I discovered that old loves need a break now and then to bring fresh flames.
For me, it was a ten YEAR break from games in general before I remembered why I love them so and fell head right over heels again. (Thanks, Christian, for bringing this to my attention again. I meant to talk about this sooner, but real life got me. So here we are.) (NO, I am NOT going on a hiatus NOW.)
Between 12 and 14 years ago, I took a semi-voluntary break from gaming that lasted well over 10 years.
Like many gamers, the arrival of a kid made getting games in pretty difficult, but I trudged on as best I could. Several others in our gaming crew had children similar in ages to ours, and they "managed" by either hosting the games in their homes or by bringing their kids along.
I think TheDude & I were honestly just too dumb to know better, but we tried these tactics as well, hoping to keep our gaming alive. After the third consecutive session where I had to excuse myself to change a diaper, get a snack for the young ones or keep them out of the dice, I started to question my sanity in trying to stay updated in game. I missed too much of the action and the social interactions I desperately craved were constantly interrupted by little fingers with way too much wiggle.
I'll admit we fell into some pretty stereotypical gender roles, with me assuming most of the kid-care duties and TheDude getting off a little easy. I guess my only real defenses are that I was young, and he was working (and thus deserved more "fun" than I did-at least in my strange view of the universe).
It was when I joined several games which all graphically, horribly exploded within VERY short order (and in quick succession of each other) that I finally realized that I wasn't getting what I needed. I was doing all the giving and getting nothing back, and I had to step away before it destroyed my marriage or my sanity. The logistics of two small kids and one frazzled mom bore out that the games moved elsewhere so that I could try to put a semblance of order in all the lives involved.
Once the games moved and the group went on without me, I found other things to do. I got pretty immersed in scrapbooking for a while, which suited me fine because I got to play with paper (one of my all time favorite crack-stick fetishes since forever) AND stay at home with my lovely munchkins.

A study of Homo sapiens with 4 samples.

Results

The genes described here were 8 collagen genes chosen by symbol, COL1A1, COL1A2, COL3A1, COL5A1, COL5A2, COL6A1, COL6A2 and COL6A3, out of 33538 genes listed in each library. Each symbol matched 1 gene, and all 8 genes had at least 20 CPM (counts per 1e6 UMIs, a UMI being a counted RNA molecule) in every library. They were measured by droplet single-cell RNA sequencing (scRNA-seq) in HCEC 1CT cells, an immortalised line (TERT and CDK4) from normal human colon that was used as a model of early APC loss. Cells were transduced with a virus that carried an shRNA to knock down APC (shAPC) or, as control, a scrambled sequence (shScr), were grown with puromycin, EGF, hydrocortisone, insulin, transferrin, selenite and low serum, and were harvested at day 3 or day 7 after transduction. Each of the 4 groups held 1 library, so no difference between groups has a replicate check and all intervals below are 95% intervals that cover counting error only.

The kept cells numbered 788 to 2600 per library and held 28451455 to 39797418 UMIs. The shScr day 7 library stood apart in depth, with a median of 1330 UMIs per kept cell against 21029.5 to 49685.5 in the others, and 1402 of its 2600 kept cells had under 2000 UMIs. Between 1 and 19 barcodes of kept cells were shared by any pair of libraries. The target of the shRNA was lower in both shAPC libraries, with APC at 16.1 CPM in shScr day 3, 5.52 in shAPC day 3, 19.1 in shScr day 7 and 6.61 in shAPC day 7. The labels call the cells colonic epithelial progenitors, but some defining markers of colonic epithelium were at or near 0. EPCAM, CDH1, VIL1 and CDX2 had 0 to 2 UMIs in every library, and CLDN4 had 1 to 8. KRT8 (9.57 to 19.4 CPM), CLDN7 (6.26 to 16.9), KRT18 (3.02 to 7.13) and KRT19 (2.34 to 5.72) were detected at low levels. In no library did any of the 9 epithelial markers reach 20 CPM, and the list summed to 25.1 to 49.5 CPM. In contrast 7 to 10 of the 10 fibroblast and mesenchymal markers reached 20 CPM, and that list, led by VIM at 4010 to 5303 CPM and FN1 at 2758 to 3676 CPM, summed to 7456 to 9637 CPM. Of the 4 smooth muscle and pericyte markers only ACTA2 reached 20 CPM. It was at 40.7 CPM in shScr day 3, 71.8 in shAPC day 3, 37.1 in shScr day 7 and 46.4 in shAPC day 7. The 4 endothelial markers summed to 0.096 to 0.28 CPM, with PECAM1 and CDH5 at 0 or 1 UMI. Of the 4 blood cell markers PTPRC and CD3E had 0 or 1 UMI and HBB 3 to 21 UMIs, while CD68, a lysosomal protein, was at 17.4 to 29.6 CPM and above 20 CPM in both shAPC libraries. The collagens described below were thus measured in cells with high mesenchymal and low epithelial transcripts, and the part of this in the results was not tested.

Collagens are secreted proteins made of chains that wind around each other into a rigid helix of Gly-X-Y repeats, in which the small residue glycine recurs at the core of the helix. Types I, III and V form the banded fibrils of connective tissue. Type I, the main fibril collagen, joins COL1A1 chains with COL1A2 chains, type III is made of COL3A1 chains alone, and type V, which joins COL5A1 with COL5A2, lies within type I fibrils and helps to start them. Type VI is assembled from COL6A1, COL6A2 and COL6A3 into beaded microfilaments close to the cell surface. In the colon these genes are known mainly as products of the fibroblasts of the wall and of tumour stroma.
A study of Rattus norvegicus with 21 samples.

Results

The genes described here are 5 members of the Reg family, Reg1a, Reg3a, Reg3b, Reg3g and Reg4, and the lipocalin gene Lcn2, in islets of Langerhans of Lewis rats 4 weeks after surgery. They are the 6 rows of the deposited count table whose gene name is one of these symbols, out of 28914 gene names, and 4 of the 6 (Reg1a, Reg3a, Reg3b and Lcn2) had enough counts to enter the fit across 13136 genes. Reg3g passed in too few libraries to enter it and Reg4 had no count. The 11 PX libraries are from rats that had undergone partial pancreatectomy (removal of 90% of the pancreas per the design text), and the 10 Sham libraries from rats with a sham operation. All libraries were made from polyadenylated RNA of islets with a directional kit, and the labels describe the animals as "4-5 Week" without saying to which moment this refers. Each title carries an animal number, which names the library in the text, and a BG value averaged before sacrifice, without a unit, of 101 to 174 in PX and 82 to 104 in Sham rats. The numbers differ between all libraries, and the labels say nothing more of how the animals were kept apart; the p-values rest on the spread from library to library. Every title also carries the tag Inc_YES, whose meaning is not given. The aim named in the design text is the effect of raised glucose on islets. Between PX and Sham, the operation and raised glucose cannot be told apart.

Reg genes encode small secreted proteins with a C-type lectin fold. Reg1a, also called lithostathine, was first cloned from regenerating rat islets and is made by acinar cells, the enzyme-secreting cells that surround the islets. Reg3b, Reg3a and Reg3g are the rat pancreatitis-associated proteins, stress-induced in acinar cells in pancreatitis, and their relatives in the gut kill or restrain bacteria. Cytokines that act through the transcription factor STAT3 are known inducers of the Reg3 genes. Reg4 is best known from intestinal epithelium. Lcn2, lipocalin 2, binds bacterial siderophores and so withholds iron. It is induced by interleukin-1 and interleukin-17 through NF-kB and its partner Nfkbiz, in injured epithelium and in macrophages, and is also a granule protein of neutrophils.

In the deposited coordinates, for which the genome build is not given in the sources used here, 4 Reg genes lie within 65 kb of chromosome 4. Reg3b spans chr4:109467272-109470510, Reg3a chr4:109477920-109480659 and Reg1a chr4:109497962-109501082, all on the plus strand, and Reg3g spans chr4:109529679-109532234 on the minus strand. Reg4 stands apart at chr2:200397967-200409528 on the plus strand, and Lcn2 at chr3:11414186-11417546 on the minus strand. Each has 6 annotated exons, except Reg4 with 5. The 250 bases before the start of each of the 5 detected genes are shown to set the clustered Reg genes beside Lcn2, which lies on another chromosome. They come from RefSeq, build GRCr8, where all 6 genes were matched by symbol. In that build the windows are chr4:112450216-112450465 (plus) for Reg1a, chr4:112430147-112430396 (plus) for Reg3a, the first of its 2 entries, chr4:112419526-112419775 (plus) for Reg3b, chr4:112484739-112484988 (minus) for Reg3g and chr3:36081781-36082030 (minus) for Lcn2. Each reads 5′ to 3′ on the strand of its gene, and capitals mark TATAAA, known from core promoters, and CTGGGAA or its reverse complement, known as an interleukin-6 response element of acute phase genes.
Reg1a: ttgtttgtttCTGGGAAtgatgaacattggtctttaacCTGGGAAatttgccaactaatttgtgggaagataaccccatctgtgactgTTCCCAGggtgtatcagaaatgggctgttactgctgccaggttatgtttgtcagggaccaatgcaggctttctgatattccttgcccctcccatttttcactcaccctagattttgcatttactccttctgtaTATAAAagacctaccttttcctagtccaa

Now and then a friend (and every so often, TheDude) would politely inquire as to "wouldn't you like to get out of the house, dear?" and I'd gently lose my mind a little more.
FRAK yes I wanted to get out of the house. I wanted to have fun. I wanted to do "grown up stuff" and not just farts&craps on steroids. However it was a much known truth that TheDude had another woman and her name was Gaming. There wasn't much I could do to tear him away from her, and he always came home to me, so I let things go on and dealt with it as best I could.
I didn't really miss gaming as much as I missed the adult conversation and the discussion of things outside of Legos and American Girl. I missed my FRIENDS; people I'd known for years and who were in many ways as close to me as TheDude.
TheBoy changed things for all of us, I think. From well before walking, he had an active interest in gaming. We got him some of those HUGE dice from a teacher's supply store so he could "help Daddy" roll dice before he could TALK. As he got older, his interest only got stronger. Somewhere between 8 and 10, TheDude started taking TheBoy on short excursions to the game store. It was obvious TheBoy was entranced, and wanted in on this strange relationship. TheBoy gathered that Gaming was a deep and rich love, but I don't think he knew he'd be hooked for life.
TheDude and TheBoy had this incredible bond, and I got to spend some time with my amazing girl. Sometimes, it was taken for granted that I'd hang with TheGirl while the boys did GameStuff.
I'm not sure how it happened that I was brought back into games, except that I was invited into a game with TheBoy, and I left TheDude and TheGirl alone for a night.
I still remember the first couple runs of the game weren't all that good, and I was ready to walk away again. I remember thinking, "man, it's nothing but dissapointments again... I could get this at home". And then, the guy running the game let loose some of the best storytelling I had ever experienced.
I remember writing a post on my old (now long dead) blog about the night, and I remember being fired up for a MONTH with re-awakened energy. This game I almost quit became my new favorite thing to do, although it had to take a very weird hiatus due to some crazy real-life crap.
This game evolved into the WOD game that I play in twice a month, with TheBoy. Once restarted, this game has become absolutely off limits to any sort of interruption.
It took being away for so long for me to realize what I'd been missing. I honestly feel that if I were any other gamer, the experience wouldn't have been so addictive, so intense, so real, and so enthralling. It was just the hook MY other Woman needed to reel me back in (and she's got me bad, too).
So yes, sometimes a break is just what you need to remind you of how much you missed something good. Taking a step away can give you perspective on what you find the most compelling, and you can use that to fuel your adventures and imagination.
I'm not sure I suggest 10 years, but I definitely think a short time out can make a huge difference. it did for me.